Bank Of America Tower

Bank of America's headquarters in Charlotte, North Carolina. Image source: iStock/Thinkstock.

When it comes to competitive advantages, Bank of America (NYSE:BAC) has a huge one. As of the third quarter of this year, it had $439 billion worth of seemingly free money that it can (and does) invest in interest-earning assets -- principally, loans and government bonds.

What is this free money, you ask? It's what Bank of America's customers have stashed away in checking and other types of non-interest-bearing accounts. However, even though these deposits don't carry a direct cost, there is an indirect cost associated with gathering them up.

Other peoples' money

Bank of America isn't the only bank that has access to these types of funds. Every one of its competitors does too. But what distinguishes Bank of America in this regard is that it has more noninterest-bearing deposits than any other bank in the United States.


This advantage traces back to Bank of America's origin. It was founded at the beginning of the twentieth century to serve individual consumers, who had largely been ignored up until that point by the nation's other leading banks, which focused on commercial customers.

Fast forward to today and this is the reason Bank of America is primed to earn so much more money than other banks when interest rates rise. When this happens, which could be any day now, the North Carolina-based bank will be able to charge higher rates for its loans, while the cost of its massive hoard of interest-bearing deposits will stay the same, at zero.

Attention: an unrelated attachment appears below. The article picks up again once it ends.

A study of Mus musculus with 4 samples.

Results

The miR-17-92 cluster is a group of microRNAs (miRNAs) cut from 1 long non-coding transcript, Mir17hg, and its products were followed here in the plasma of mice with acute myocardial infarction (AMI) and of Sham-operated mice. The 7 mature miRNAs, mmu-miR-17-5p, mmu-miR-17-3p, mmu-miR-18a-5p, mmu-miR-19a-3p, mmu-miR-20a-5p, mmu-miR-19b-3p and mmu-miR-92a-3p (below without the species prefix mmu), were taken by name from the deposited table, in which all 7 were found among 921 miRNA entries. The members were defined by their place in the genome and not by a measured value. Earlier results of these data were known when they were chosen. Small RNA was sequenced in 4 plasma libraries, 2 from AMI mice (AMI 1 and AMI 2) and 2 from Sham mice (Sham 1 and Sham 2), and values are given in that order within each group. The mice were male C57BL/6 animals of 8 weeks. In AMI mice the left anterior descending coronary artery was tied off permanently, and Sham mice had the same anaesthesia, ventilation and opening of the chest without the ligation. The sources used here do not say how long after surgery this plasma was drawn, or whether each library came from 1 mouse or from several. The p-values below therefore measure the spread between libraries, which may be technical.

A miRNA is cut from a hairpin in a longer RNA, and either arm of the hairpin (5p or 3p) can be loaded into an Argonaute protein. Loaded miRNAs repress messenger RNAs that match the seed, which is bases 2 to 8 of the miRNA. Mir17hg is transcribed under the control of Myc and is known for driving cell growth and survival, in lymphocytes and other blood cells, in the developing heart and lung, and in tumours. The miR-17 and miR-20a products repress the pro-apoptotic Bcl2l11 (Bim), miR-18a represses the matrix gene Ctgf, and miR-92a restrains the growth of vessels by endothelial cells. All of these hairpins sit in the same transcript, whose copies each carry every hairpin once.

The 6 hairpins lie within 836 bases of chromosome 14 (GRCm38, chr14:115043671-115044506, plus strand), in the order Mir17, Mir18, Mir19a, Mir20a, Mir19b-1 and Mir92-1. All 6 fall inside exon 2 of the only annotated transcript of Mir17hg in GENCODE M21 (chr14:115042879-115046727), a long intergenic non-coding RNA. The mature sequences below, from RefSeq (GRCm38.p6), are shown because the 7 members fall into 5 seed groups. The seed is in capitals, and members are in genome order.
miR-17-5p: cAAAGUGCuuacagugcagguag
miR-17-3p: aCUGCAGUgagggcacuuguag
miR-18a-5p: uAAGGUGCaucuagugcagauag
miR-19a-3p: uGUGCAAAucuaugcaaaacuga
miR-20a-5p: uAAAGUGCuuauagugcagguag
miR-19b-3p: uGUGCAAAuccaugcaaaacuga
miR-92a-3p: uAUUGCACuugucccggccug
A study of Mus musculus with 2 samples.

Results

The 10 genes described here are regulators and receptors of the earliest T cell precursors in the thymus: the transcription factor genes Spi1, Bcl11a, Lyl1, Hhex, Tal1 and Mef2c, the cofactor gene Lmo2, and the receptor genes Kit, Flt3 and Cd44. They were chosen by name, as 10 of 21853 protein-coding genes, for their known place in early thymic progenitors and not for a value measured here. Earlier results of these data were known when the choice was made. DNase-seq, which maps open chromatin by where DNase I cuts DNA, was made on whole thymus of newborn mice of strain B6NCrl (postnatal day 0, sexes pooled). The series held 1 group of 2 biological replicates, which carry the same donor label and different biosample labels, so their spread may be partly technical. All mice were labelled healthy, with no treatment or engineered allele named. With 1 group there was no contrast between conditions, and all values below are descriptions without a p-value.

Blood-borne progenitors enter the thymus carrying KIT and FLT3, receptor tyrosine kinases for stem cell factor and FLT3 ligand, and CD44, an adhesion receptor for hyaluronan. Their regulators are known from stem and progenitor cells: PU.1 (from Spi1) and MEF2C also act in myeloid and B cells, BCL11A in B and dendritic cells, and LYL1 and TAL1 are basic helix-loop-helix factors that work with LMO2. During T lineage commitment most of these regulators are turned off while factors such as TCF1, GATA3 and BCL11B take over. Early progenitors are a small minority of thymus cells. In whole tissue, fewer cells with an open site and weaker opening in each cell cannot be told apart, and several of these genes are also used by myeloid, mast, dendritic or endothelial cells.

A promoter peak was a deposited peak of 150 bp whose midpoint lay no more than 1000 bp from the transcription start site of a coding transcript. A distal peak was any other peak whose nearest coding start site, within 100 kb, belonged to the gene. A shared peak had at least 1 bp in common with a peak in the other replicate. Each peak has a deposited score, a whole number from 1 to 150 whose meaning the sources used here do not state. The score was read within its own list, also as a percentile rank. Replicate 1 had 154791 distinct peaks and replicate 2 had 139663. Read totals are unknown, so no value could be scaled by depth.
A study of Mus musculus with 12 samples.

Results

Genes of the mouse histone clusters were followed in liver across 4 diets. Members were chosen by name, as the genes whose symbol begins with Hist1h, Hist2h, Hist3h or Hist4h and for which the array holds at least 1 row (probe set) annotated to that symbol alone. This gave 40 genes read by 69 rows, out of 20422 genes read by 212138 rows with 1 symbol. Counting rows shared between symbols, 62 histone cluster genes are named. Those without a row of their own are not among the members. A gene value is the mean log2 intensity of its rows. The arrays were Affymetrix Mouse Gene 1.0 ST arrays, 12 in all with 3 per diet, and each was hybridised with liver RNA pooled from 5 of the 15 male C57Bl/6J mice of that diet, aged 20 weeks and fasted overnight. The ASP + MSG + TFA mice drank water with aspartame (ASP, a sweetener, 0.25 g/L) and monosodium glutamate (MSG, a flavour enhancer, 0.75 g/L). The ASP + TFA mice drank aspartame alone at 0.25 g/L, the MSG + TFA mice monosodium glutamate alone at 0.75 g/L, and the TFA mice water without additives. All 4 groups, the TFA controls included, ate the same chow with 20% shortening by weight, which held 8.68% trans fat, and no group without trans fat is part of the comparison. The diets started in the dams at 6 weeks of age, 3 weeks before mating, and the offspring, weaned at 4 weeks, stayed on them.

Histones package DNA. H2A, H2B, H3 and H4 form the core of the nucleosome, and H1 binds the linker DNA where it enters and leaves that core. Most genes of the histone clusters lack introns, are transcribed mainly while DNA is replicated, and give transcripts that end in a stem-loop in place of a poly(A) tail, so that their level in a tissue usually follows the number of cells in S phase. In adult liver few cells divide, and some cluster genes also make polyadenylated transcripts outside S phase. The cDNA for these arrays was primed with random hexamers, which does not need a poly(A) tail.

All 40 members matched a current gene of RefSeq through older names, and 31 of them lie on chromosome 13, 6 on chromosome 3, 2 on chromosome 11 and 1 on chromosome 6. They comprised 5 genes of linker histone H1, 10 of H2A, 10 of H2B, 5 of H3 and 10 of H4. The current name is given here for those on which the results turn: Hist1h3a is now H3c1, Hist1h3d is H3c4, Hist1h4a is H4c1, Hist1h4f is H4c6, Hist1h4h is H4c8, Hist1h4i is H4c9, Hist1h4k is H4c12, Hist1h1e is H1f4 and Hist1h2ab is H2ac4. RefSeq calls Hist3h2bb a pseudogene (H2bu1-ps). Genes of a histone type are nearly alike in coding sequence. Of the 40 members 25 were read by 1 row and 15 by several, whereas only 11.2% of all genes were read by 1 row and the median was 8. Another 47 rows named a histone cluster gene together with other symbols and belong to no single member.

Bank of America CEO Brian Moynihan addressed this very point at the 2016 Goldman Sachs U.S. Financial Services Conference last week:

The real key is the floating rate parts [or our asset portfolio] move with base rates immediately, and that gets you more [interest income]. And then what really drives the value [from a rate hike] is $500 billion of free deposits. They don't go up or down. It'll be free.

This is great for Bank of America's shareholders, as there's every reason to believe at this point that interest rates will soon rise.

Free money isn't necessarily free

Yet, as Moynihan addressed earlier in his presentation, it's a little misleading to assume that even non-interest-bearing deposits are in fact entirely free. This is because Bank of America has to operate an enormous branch network to attract the funds.

Bank of America has just over 4,600 branches. That's down from the roughly 6,000 that it had when Moynihan took over in 2010, but it's still a lot of real estate that has to be manned by employees. When you factor this into the equation, there's a clear cost associated with what otherwise seems to be free money.


If you spread the cost of Bank of America's consumer bank over its deposit base, it comes out on an annualized basis to about 1.6% of its total deposits. Consequently, even its free deposits aren't exactly free.

The fact nevertheless remains that Bank of America will still benefit more from higher rates than its peers, who bear similar operating costs to attract deposits. This is because, as rates rise, Bank of America's operating costs should stay the same. Thus it'll earn more money without having to spend more to do so.

It's for this reason that most of the added revenue from higher interest rates will, according to Moynihan, "fall to the bottom line."

John Maxfield owns shares of Bank of America and Goldman Sachs. The Motley Fool has no position in any of the stocks mentioned. Try any of our Foolish newsletter services free for 30 days. We Fools may not all hold the same opinions, but we all believe that considering a diverse range of insights makes us better investors. The Motley Fool has a disclosure policy.